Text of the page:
Going Merlot

By Matt Ginella Photos by Joey Terrill
December 21, 2009

The 18th at Rancho San Marcos.

Fans of the 2004 hit film "Sideways" have come from as far as Russia to get a table at the Hitching Post II. It's the family-owned roadside restaurant in the dusty Southern California town of Buellton and the inspiration for the movie about a buddies trip involving a little golf and a lot of wine. The Hitching Post II doesn't open until 4 o'clock, but there they were, well before noon, "Sideways" enthusiasts taking pictures in front of the mustard-yellow sign and scouring the perimeter looking for a way in.

Sensing a frenzied atmosphere, Hitching Post II owner Frank Ostini remembers calling an emergency meeting of his employees after the movie came out. "Our roots are the guiding light," he reminded them. "We offer hospitality, good food and over 50 years of service in the restaurant business. If we don't perform, they won't come back."

I was there recently, and "I'll be back." The Santa Barbara area, 90 miles up the coast from Los Angeles, makes for a great golf getaway. The food and wine are as exceptional as the scenery, and though the golf might not rival Pebble Beach or Torrey Pines, there are quality courses for a lot less money.


My itinerary included the three best public golf options within a reasonable distance from downtown Santa Barbara: Glen Annie, Sandpiper and Rancho San Marcos. (The local muny, Santa Barbara Golf Club, remains open during a makeover that is scheduled to be completed after the first of the year.)

Glen Annie, $85 on weekends, is a good Santa Barbara starter course. I played it from 5,945 yards because it's narrow, with enough undulations and afternoon wind to make it feel as if it plays longer. The course, which survived some financial troubles in 2009, is set in the hills about 10 miles north of downtown Santa Barbara and offers some outstanding views of the Pacific Ocean and the Channel Islands.

The next day, on the coast just below Glen Annie, I played two rounds at Sandpiper. It was hard not to. Given the location, pristine condition and holes running along the water, Sandpiper understandably gets a lot of the area's golf buzz, but that comes at a price -- $175 on weekends. William F. Bell, who was brought in to build Torrey Pines after his father died, also designed Sandpiper, and there is a resemblance.

Sandpiper has some memorable holes, but it has too many generic ones to consider it a great course. Four out of the six holes that have ocean views were my favorites: the fifth, sixth, 11th and 13th. The starter told me about one guy who recently played the par-3 11th, with its elevated tee shot to an ocean-side green, and announced, "I now know where I want them to spread my ashes." A worthy spot, but a somber thought on a perfect October afternoon.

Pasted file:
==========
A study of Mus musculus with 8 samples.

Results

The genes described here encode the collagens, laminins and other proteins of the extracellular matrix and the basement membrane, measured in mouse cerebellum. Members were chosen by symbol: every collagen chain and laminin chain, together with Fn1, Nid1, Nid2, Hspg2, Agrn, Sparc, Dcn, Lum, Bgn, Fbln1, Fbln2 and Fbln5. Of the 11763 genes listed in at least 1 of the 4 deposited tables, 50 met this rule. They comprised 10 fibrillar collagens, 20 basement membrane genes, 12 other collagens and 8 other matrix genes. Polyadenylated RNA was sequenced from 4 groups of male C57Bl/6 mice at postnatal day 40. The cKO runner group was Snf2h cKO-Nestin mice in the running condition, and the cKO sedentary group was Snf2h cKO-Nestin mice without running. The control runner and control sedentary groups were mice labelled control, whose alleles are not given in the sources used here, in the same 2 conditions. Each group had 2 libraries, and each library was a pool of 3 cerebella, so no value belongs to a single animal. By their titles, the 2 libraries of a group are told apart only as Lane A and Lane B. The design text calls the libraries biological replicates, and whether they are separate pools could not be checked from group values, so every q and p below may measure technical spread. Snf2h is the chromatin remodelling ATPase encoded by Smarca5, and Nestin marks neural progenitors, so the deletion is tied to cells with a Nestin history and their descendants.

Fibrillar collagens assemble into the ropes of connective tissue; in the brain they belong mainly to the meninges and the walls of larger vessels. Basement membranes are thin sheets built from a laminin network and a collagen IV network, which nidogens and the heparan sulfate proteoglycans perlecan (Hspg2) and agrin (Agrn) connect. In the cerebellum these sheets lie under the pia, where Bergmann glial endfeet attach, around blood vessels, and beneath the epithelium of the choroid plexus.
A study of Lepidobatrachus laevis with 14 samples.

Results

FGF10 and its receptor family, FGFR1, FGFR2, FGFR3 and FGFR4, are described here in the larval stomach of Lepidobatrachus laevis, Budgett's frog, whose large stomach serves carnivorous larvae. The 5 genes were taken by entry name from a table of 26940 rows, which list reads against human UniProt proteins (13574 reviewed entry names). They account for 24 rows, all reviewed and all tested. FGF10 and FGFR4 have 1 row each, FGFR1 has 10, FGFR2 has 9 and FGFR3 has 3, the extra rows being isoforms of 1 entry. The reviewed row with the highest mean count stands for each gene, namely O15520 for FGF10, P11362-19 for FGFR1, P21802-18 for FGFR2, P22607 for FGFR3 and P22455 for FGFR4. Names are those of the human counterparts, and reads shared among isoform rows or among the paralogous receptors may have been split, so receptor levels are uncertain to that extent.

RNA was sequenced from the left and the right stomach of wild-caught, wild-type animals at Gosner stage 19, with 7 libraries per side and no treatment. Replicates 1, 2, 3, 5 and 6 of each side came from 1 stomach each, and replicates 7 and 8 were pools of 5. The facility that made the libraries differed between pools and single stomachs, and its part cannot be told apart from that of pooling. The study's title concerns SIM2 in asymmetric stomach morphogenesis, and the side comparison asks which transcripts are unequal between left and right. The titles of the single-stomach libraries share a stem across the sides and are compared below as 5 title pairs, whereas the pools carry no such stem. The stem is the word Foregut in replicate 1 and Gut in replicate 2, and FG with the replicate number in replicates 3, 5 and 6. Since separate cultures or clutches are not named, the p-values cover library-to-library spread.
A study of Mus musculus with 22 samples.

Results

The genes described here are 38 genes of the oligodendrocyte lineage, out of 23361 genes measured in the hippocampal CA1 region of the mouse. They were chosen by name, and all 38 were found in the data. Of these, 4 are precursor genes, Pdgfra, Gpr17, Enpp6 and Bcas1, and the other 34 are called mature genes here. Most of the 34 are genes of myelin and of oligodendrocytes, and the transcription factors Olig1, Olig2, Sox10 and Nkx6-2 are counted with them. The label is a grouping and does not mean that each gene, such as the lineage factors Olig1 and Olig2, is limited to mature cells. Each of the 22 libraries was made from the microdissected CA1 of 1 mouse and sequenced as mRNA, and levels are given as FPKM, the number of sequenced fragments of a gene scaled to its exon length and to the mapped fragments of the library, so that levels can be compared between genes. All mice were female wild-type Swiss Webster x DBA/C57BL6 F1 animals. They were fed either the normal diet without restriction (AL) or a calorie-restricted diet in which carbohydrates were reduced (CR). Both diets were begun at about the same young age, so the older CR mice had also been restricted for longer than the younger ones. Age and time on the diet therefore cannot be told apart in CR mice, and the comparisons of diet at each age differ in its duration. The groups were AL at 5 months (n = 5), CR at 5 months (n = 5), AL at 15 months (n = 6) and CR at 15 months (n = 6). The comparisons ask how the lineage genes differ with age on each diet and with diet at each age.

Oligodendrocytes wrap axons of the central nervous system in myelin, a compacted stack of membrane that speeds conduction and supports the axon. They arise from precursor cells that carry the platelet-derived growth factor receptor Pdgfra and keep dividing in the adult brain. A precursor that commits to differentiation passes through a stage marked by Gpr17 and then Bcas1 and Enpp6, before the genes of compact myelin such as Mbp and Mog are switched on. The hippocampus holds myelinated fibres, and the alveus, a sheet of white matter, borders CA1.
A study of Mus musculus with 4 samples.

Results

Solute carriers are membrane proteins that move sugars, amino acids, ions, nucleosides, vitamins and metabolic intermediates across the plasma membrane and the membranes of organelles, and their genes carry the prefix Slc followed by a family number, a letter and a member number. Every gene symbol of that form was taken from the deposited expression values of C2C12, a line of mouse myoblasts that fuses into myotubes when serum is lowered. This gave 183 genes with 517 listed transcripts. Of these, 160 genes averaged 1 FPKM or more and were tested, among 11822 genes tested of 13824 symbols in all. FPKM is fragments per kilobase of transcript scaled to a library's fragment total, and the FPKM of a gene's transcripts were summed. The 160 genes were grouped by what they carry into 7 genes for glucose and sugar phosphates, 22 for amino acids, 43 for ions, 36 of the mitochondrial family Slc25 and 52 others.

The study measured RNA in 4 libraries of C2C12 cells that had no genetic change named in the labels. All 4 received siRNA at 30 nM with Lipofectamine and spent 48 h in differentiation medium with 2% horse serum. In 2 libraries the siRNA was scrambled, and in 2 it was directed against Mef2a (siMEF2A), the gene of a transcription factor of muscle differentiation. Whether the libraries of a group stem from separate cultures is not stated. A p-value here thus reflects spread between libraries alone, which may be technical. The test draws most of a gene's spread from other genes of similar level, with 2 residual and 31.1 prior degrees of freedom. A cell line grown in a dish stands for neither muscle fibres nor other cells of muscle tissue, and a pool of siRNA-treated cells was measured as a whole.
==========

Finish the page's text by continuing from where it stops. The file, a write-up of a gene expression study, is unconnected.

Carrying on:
The Santa Barbara area is often called The American Riviera. The average high temperature from December to March is about 65 degrees. The average high in the summer is just below 80.

On the last day of my trip I went 25 minutes inland and played a round at Rancho San Marcos, which is located at the base of the Santa Ynez Mountains and provides its own set of stunning views. It tends to be a lot warmer without the ocean breeze, so drink lots of water and bring plenty of sunscreen. After the fifth snake-warning sign through three holes, my snake repellent of choice was not looking for lost balls.


is one spot where a camera is the right choice.

Aside from poisonous hazards and some quirky characteristics to the routing (five par 5s and six par 3s), Rancho San Marcos, a Robert Trent Jones Jr. design, is the best course I played, and priced at $120 on weekends, it's also the best deal. But I'd add that you couldn't go to the area and not play both Rancho San Marcos and Sandpiper. You'd be robbing yourself of two complementary hillside and ocean-side experiences.

Back over the hill in Buellton, I met Ostini and his partner in the wine business, Gray Hartley. We ate tapas and tasted the flavors of the area at the new Avant Tasting Room in the back of the $24 million, state-of-the-art Terravant Wine Company, which services 38 of the 108 local wineries. The Hitching Post label is a big customer, having gone from 5,000 cases per year before "Sideways" to what Ostini says was 15,000 cases the year after the movie was released. "And it has hovered at that number since."

Ostini and his staff are clearly performing. The Hitching Post II is regularly packed. Mark Terrill, the brother of the photographer for this story, lives two hours away and routinely makes the drive just so he can have the artichoke appetizer. The Los Angeles Times named its french fries "the best in Southern California" and included them on a list of "75 sublime reasons to dine out."

Ostini suggested a New York strip steak, cooked over a red-oak flame and a height-adjustable grill, just like his father used to cook 'em back in 1952. I ordered the artichoke, the fries, a steak and a bottle of their finest Pinot Noir (Hitching Post Highliner for $42). I didn't have the guts to order a Merlot.